Congress must break the status quo by divesting from enforcement spending and investing in true humanitarian assistance.
We have all witnessed the cruel and inhumane treatment of our immigrant neighbors. We’ve seen the tears of parents who still cannot locate the children who were forcibly taken from them. We’ve read about asylum seekers being indefinitely incarcerated. We’ve heard from families who are living in terror, waiting for the next wave of ICE raids.
‘Time and time again, the administration has requested more money for harmful immigration enforcement policies—and Congress keeps giving it to them.’
The attacks on our immigrant neighbors have been unrelenting, and last month our hearts were broken once again.
It started with reports of small children being held in deplorable conditions at a border station in Clint, Tex.—some for a month or longer. The public outcry was swift. The children were relocated, but days later more than 100 were moved back. We know that these conditions are not restricted to a single facility.
Then came the shocking image of a father and daughter who drowned while attempting to cross the Rio Grande. Oscar Alberto Martinez Ramirez died as he tried to bring his 23-month-old daughter, Angie Valeria, to safety in the U.S.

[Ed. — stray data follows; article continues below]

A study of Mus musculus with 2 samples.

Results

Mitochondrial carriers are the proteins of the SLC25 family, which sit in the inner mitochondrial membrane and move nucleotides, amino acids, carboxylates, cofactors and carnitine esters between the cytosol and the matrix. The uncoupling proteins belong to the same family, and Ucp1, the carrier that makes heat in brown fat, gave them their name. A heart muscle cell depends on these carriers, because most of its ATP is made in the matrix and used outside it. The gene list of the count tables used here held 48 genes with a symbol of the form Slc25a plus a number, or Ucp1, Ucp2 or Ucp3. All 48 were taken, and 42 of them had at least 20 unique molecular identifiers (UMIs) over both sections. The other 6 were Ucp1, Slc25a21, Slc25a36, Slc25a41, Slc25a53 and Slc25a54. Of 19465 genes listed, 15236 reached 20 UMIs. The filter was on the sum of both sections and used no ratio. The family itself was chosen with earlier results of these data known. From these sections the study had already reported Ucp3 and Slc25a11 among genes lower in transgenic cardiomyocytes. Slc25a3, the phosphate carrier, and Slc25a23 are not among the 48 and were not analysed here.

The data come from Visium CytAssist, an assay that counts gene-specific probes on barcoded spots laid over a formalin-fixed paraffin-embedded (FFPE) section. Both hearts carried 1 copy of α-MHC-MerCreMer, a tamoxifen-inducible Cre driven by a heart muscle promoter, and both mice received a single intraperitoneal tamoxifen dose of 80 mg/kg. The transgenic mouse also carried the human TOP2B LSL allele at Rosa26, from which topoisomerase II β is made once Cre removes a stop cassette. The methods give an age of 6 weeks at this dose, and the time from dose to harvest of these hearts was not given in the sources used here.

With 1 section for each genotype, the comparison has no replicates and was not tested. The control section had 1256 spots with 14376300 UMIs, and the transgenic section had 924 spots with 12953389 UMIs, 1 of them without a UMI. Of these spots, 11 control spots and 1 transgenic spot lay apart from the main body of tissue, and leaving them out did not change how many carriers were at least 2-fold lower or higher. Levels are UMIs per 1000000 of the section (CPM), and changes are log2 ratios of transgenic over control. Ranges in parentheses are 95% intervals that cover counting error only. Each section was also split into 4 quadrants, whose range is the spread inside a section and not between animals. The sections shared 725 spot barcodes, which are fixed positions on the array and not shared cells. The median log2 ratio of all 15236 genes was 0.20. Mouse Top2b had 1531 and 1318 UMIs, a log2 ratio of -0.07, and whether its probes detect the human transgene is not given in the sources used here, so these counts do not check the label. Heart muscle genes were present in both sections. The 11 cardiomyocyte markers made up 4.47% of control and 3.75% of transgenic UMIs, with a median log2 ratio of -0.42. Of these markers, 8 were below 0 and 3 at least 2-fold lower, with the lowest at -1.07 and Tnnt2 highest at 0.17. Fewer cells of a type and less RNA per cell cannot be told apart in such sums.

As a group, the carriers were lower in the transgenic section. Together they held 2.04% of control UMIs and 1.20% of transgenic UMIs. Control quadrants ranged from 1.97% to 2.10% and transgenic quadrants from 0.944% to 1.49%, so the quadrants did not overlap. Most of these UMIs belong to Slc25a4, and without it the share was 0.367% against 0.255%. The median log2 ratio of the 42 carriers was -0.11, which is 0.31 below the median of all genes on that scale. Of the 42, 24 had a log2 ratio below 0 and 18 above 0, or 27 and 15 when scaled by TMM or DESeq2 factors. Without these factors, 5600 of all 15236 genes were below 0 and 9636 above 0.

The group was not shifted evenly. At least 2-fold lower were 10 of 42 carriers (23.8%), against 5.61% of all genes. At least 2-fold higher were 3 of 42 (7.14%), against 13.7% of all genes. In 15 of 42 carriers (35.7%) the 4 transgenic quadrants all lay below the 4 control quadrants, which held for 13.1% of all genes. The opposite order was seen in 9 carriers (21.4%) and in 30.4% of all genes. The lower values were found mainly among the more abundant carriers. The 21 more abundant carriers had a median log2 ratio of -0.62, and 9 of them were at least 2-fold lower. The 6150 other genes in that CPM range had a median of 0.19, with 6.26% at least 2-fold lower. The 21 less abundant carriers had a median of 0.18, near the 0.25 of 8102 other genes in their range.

These stories are devastating. They are also a direct result of this administration’s immigration policies, which deter asylum seekers with cruelty, leave migrants facing inhumane conditions, and make a dangerous journey even more deadly.
This unimaginable suffering is a feature of our current approach on immigration. It’s not a bug.
Time and time again, the administration has requested more money for harmful immigration enforcement policies—and Congress keeps giving it to them. They did so again as recently as June 27, passing a supplemental spending bill. While the legislation provides some humanitarian relief, it fails to adequately guarantee the money will be used to protect children, not further militarize our border. We must demand better.
Congress is in the midst of deciding how much money to spend on immigration enforcement for the coming fiscal year. These remain contentious issues, and your members of Congress need to hear from you as they craft their FY2020 spending bills. Act now. Urge congress to invest in true humanitarian assistance and divest from detention and border militarization.